England take on France this evening and start as underdogs. Yet amongst the moaning about tactics and personnel by the media, there is a feeling that a bright future is taking shape...
A ball is yet to be kicked at UEFA Euro 2012, yet already England appear, from the outside, to be imploding – as predictable as it is disappointing. Roy Hodgson’s squad damaged by injury and controversy – the whole set-up a target for criticism and even anger.
On the face of it, all depressingly familiar ahead of a major tournament, but something feels very different – for the first time in a generation this is an England with a chance to be build a proper team, rather than a collection of individuals who preach togetherness but show little sign of it on the pitch – the dismantling of England’s ‘Golden Generation’ is well underway, as much through circumstance as design.
Even after the debacle that was England’s 2010 World Cup campaign, few would have predicted that just 9 members of that squad would also feature at Euro 2012 – change is in the air and there’s a clear nod to youth and fresh ideas.
Of the 23 representing England in Poland and Ukraine, 9 players are 23 years old or under, in a squad with an average of under 26 – compare that to two years ago when Aaron Lennon and Joe Hart were the only players under the age of 24 in Fabio Capello’s selection.
Names like Gerrard, Cole and Terry may still remain, but they represent the last echoes of a time when England’s international side promised so much but continually delivered so little, stifled by an invisible but credible ‘fear-factor’.
As a collective group, this current squad may have far fewer medals and caps than those that went to South Africa, but crucially they won’t suffer from the huge weight of expectation, that for over a decade has pressed hard on the shoulders of almost all who have pulled on an England shirt, helping to stifle undoubted talent.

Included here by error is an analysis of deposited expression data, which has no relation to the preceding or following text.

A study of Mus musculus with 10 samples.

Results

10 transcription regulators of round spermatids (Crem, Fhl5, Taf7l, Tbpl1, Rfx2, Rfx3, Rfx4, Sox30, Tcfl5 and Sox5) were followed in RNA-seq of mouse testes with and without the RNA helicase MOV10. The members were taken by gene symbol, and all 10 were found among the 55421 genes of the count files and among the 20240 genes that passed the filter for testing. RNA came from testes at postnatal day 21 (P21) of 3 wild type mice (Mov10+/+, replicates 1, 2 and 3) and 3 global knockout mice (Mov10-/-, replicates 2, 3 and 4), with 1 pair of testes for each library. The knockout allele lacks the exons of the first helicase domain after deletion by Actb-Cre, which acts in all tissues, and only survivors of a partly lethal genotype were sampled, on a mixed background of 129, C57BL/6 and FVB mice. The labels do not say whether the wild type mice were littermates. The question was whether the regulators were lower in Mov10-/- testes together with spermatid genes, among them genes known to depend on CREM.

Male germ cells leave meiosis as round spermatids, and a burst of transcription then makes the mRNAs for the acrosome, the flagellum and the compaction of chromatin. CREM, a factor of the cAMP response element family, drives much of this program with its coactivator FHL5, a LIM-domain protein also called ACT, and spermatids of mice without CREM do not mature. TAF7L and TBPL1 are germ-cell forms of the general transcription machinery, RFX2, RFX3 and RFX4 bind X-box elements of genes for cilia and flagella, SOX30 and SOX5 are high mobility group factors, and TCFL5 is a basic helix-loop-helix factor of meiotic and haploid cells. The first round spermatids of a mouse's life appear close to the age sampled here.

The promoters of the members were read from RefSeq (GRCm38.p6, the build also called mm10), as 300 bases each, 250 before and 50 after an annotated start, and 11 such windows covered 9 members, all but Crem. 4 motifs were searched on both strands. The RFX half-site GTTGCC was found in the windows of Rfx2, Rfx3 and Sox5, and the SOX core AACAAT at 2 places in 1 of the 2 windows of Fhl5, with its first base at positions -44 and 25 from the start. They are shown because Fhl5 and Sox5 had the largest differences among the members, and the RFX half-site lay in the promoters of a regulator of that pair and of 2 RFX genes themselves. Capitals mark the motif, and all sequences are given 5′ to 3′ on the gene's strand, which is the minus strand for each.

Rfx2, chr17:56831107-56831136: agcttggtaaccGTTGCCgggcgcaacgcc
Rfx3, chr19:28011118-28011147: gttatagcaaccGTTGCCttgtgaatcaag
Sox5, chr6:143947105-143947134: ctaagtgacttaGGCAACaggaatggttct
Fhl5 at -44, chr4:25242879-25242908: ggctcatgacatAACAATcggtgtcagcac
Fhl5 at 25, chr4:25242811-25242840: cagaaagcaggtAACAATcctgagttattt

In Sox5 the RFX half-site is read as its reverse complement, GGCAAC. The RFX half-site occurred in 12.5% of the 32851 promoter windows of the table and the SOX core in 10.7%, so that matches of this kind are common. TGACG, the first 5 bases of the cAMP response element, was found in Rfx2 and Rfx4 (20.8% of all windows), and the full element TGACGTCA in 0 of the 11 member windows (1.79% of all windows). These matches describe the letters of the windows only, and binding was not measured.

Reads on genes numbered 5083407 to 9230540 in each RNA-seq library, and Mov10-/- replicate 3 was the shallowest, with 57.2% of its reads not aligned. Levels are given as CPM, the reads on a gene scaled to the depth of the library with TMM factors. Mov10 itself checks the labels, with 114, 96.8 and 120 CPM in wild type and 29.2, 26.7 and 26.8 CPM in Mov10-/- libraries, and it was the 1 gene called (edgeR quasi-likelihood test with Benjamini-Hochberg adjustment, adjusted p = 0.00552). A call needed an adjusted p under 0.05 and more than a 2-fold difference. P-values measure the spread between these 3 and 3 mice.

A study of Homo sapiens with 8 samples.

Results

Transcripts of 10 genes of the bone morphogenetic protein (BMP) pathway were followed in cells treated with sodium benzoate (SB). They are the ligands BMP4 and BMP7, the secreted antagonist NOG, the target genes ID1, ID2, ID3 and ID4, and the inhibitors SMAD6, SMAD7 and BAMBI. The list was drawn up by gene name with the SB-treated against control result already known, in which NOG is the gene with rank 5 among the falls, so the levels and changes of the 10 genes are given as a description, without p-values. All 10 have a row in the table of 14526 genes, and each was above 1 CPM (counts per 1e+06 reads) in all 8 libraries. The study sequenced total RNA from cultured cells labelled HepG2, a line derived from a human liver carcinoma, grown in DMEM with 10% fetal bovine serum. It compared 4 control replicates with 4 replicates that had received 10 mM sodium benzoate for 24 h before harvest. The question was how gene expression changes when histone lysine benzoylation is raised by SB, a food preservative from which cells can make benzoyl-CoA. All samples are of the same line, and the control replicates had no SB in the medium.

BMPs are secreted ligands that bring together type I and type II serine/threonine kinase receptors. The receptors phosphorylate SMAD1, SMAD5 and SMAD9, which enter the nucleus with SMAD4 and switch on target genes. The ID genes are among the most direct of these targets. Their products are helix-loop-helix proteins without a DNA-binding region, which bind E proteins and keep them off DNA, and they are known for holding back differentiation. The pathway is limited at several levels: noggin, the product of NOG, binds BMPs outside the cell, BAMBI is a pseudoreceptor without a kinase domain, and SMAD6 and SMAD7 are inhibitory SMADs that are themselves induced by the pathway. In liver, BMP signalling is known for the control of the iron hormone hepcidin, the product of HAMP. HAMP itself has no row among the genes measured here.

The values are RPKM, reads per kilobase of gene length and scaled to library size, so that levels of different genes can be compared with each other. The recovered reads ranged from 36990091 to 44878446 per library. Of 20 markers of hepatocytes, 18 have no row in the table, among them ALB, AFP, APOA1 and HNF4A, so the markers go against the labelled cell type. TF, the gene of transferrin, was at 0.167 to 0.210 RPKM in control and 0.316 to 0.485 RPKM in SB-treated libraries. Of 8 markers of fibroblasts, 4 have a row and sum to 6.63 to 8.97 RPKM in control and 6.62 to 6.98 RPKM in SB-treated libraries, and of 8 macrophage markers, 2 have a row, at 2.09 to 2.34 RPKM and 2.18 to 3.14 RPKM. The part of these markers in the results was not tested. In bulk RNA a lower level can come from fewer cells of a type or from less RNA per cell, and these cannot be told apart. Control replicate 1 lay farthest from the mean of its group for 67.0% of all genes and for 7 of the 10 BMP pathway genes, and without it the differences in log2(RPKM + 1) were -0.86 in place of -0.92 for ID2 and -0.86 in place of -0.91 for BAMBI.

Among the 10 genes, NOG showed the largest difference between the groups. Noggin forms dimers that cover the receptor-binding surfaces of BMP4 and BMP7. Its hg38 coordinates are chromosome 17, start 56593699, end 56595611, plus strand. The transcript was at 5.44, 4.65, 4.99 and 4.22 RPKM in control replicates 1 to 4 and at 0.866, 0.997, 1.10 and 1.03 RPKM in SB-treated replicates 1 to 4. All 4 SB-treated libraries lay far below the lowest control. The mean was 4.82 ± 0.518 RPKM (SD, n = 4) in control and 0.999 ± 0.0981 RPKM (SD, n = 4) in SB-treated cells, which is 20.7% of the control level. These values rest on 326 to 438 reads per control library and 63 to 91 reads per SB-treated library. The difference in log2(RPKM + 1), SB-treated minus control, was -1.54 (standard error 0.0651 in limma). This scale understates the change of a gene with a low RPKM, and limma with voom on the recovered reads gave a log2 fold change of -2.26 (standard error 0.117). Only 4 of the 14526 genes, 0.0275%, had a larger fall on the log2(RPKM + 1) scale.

Players scared to make a mistake, players who excel at club level playing within themselves at international level – expected to make a serious challenge for every major tournament, despite a record that shows just two semi-final appearances since 1966.
This current squad may have far fewer medals and caps than those that went to South Africa, but crucially they won’t suffer from the huge weight of expectation
Precisely that sort of unrealistic expectation / borderline delusion, saw phone-ins and newspaper columns carry strong criticism of England’s Under 21s last summer when they were eliminated from the European Championship during the group stage.
I agree that the manner of their exit, conceding two late goals, should have sparked debate about the seeming mental fragility of English players at major tournaments, but lets get some perspective here.
England were one of only three nations competing in Denmark last summer who also competed in Sweden in 2009, the other two nations were Belarus (semi-finalists ’11) and Spain (winners ’11). Italy, France, Germany, Russia and Portugal were among the major nations who didn’t qualify. It must also be remembered that England reached the Final in 2009, eventually losing to a German side that included the likes of Ozil, Khedira and Neuer.
Whether England are producing talent that can make the step up to senior level as well as those three players have done remains to be seen, but at the time of writing, the current U21 squad is five-points clear at the top of their qualification group for next summer’s tournament.
I think there is further cause for optimism when you look at some of the names who could make a real impression with England at the 2014 World Cup.
Off the top of my head…Joe Hart, Jack Butland, Kyle Walker, Kieran Gibbs, Martin Kelly, Phil Jones, Chris Smalling, Jack Rodwell, Tom Cleverley, Jack Wilshere, Josh McEachran, Theo Walcott, Adam Johnson, Jordan Henderson, Wayne Rooney, Alex Oxlade-Chamberlain, Danny Welbeck and Andy Carroll.
I’m not for a moment predicting a new ‘golden-generation’ though – and besides, I don’t believe such a tag would be endorsed or pandered to by Roy Hodgson, who may well turn out to be the perfect antidote to the ego driven individualism and celebrity culture that’s got England nowhere in the past.